Expert praises public's anti-virus awareness

Top News | Justin Tong 5 Mar 2020

Infectious disease expert Ho Pak-leung praised Hongkongers for their prompt response in fighting the Covid-19 virus, but criticized the government's "leaky" measures which came "too slow."

Ho, talking on radio, said residents started wearing masks and washing hands frequently even before the first confirmed case broke out, adding that "Hongkongers have undoubtedly done well in the past two months."

He added: "Without our proactive efforts to stand against the adversity, the number of cases may have skyrocketed in less than a week - like it did in South Korea and Italy - especially because the population density in Hong Kong, such as in subdivided flats, is much higher than other infected locations."

This came after a top official at the World Health Organization complimented the Hong Kong government for being "very effective" in controlling the virus.

Michael Ryan, executive director of the WHO health emergencies program, praised Hong Kong and Singapore for their "measures that have not involved walling off cities or completely banning travel [but] have been very effective in both suppressing and driving transmission down."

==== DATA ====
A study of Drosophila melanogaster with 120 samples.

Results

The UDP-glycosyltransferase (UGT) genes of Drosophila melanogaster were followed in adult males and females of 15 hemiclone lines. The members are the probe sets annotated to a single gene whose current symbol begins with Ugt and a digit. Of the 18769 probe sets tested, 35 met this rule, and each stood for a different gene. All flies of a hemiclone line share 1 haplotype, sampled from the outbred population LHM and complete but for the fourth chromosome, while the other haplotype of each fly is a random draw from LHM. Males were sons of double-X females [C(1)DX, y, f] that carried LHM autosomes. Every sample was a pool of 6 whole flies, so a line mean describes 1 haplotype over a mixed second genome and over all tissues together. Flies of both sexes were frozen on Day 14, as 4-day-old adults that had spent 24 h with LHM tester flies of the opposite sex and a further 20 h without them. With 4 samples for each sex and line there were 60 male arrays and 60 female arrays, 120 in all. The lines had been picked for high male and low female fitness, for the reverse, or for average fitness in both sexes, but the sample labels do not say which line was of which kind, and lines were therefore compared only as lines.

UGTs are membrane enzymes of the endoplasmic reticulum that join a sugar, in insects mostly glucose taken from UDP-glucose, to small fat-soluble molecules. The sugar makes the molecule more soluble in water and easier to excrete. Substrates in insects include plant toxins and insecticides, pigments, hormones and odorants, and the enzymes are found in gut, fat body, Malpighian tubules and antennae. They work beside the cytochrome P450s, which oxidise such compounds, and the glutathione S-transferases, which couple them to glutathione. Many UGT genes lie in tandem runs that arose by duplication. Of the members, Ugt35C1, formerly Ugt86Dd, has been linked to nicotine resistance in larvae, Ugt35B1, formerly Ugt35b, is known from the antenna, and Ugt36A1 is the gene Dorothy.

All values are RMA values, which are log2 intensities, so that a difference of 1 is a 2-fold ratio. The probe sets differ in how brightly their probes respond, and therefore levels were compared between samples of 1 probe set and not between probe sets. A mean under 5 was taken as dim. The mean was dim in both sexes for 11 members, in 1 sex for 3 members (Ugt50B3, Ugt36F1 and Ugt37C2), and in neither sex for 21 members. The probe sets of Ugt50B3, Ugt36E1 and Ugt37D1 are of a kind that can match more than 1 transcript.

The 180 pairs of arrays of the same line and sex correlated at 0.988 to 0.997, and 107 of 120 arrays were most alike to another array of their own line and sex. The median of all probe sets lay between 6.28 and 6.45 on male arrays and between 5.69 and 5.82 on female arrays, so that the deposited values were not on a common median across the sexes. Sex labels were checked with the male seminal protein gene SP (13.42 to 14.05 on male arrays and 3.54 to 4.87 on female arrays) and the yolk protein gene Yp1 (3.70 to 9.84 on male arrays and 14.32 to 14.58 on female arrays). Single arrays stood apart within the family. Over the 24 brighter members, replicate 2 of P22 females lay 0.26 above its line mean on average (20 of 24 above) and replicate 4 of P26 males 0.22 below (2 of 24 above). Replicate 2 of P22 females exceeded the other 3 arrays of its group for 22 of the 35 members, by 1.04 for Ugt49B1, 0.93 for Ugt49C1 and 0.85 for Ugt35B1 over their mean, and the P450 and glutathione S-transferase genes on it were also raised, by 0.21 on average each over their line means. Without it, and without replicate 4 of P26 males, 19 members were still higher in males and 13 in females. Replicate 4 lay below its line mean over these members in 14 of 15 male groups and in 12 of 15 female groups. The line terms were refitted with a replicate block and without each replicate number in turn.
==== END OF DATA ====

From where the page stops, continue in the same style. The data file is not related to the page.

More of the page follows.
Ryan's comment echoed Chief Executive Carrie Lam Cheng Yuet-ngor's Facebook post, in which she said the government's measures have been "science-backed and evidence-based" to control the epidemic "effectively."

While Ho admitted that the government has launched a range of "good policies," including requiring a health declaration for visitor arrivals and utilizing supercomputers to trace the transmission chain, he pointed out the response and the enforcement of the policies have to be improved.

He cited an example of a boundary control loophole where visitors can still travel between Hong Kong and the mainland via Macau ports.

"The government should ensure no flaw in its policies at critical moments in order to completely combat the epidemic," he stressed.

Meanwhile, in South Korea, where the number of cases is ranked highest after China, the government announced an 11.7 trillion won (HK$76 billion) stimulus package to support medical institutions, small businesses and childcare services in fighting the virus.

In Italy, where the highest number of deaths outside China occurred, an official said the country is setting up a new quarantine red zone in Bergamo, northeast of Milan, near its most seriously infected area.

The worst-hit European country set up two red zones last month - one across 10 towns in Lombardy, southeast of Milan, and another in the neighboring region of Veneto - but failed to contain the virus.

South Korea and Italy confirmed 293 and 466 new cases in their latest announcement, bringing the total up to 5,621 and 2,502 respectively.